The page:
A Voice Lab Gives Voice to the Psychoexemplary of Support


How does the Voice Lab relate to psychotherapy?




On Tuesday, we began our series on my so-called psychoexemplaries with a column on peacemaking. It was the first in a tentative list that I had developed. However, over the Memorial Day weekend, I came to realize that another important example was missing. It was the importance of what at first glance seems like a common and causal process that often occurs in psychiatry and society, that being supporting of—or trying to support—others.

The insight and inspiration came to me from attending the celebration and fundraiser for the continuation of the Milwaukee Opera Theatre’s free Voice Lab, which since 2009 had reached number 99, with a reported 1653 singers and at least 15 original productions. The goal, as conveyed by the invitation to the event by the Artistic Director, Jill Anna Ponasik, is described as:

“. . . invite artists to share something they’re working on, facilitate supportive conversations around that work, and see what happens.”

As a clinical psychiatrist, I saw my share of musicians with extensive anticipatory anxiety and other performance psychological concerns. Propanalol and supportive psychotherapy seemed to often help some.

Auditions were particularly stressful in the pressure and lack of feedback. That process reminded me somewhat of sending in submissions to a conference, then receiving an acceptance or rejection, but no explanation for the decision to learn from.

Personally, my wife and a granddaughter have been involved in musical theatre and have gone through such auditions.

What the celebration did was to actually be the 100th Voice Lab, as presented in a series of solo performances, with voluntary commentary by the participants about themselves, the lab, and the song they were to sing. As each participant presented, these words emerged: support, joy, nervous, creative, safe, nourishing, warm, welcoming. Forgetting words of the song was no big deal, just part of the process and principles.

One participant who had never been to a Voice Lab volunteered to participate as if it was one. The audience provided feedback and a second, improved performance emerged. At times, my wife and others were touched with tears.

The Artistic Director later told me about the 4 principles of the Voice Lab, which were derived from a feedback process developed by the dancer and choreographer Liz Lerman1:

  • Affirmations. Providing immediate feedback geared to expanding the singer’s strengths.
  • The Artist as Questioner. Here the artist can ask for feedback.
  • The Audience as Questioner. The artist has the choice to answer or not.
  • The Artist Continues the Work. Here they are gently nudged forward.

It did not take me long to realize that the Voice Lab was a paradigmatic process for mental health. I experienced the same principles that supportive psychotherapy tried to convey in individual or group sessions. Some of those principles are2:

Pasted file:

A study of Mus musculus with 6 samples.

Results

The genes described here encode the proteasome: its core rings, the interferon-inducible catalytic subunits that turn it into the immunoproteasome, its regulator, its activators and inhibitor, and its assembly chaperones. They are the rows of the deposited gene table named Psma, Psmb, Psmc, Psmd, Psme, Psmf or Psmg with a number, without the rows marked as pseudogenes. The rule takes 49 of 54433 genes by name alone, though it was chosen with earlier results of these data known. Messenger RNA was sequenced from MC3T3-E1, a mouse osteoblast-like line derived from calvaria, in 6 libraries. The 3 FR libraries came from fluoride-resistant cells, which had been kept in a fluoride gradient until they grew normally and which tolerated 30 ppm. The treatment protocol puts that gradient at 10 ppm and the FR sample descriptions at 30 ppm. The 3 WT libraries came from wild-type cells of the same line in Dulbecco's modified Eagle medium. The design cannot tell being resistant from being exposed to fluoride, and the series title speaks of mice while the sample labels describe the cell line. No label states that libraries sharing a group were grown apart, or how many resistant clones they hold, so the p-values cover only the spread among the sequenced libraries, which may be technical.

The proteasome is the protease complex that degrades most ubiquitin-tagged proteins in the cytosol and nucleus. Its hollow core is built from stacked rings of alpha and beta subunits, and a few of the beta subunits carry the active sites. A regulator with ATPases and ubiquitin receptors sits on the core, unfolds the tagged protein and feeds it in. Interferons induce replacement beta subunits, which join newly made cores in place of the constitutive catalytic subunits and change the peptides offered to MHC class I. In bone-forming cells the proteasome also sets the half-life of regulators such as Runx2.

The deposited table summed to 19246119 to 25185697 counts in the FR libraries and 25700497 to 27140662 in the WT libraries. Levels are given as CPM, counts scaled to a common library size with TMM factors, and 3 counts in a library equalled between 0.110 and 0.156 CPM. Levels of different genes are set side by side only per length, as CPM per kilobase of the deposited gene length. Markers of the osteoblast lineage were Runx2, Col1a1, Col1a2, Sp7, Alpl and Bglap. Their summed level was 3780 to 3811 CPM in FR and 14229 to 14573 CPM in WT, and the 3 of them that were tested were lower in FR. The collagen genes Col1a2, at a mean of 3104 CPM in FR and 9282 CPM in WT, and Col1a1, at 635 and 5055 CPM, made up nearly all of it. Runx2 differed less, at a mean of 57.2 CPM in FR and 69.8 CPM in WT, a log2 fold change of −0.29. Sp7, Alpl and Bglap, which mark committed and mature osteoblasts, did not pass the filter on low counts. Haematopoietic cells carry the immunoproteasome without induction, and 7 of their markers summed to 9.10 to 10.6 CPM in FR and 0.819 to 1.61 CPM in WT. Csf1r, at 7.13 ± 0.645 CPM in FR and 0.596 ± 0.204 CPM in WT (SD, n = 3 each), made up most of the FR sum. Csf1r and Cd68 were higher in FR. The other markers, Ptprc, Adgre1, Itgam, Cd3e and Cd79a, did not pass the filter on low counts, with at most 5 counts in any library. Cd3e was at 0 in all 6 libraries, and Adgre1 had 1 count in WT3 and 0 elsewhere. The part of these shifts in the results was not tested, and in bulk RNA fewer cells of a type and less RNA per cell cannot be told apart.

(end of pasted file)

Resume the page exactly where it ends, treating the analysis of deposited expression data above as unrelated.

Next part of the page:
• Active listening
  • Empathy
  • Encouragement
  • Problem-solving
  • Gentle pushes forward

The Voice Lab is by no means meant to be therapy, but is more of a self-help process, but if the principles of supportive therapy fit both the Voice Lab and psychiatry as a psychoexemplary, why shouldn’t such sophisticated supporting be relevant, appreciated, and provided in so many other situations, especially in our time of condescension and conflict? A model for mental health, indeed.

Dr Moffic is an award-winning psychiatrist who specialized in the cultural and ethical aspects of psychiatry and is now in retirement and retirement as a private pro bono community psychiatrist. A prolific writer and speaker, he has done a weekday column titled “Psychiatric Views on the Daily News” and a weekly video, “Psychiatry & Society,” since the COVID-19 pandemic emerged. He was chosen to receive the 2024 Abraham Halpern Humanitarian Award from the American Association for Social Psychiatry. Previously, he received the Administrative Award in 2016 from the American Psychiatric Association, the one-time designation of being a Hero of Public Psychiatry from the Speaker of the Assembly of the APA in 2002, and the Exemplary Psychiatrist Award from the National Alliance for the Mentally Ill in 1991. He is an advocate and activist for mental health issues related to climate instability, physician burnout, and xenophobia. He is now editing the final book in a 4-volume series on religions and psychiatry for Springer: Islamophobia, anti-Semitism, Christianity, and now The Eastern Religions, and Spirituality. He serves on the Editorial Board of Psychiatric Times.


1. Lerman L, Borstel J. Critique is Creative: The Critical Response Process in Theory and Action. Wesleyan University Press; 2022.

2. Battaglia J. Doing Supportive Psychotherapy. American Psychiatric Association Publishing; 2019.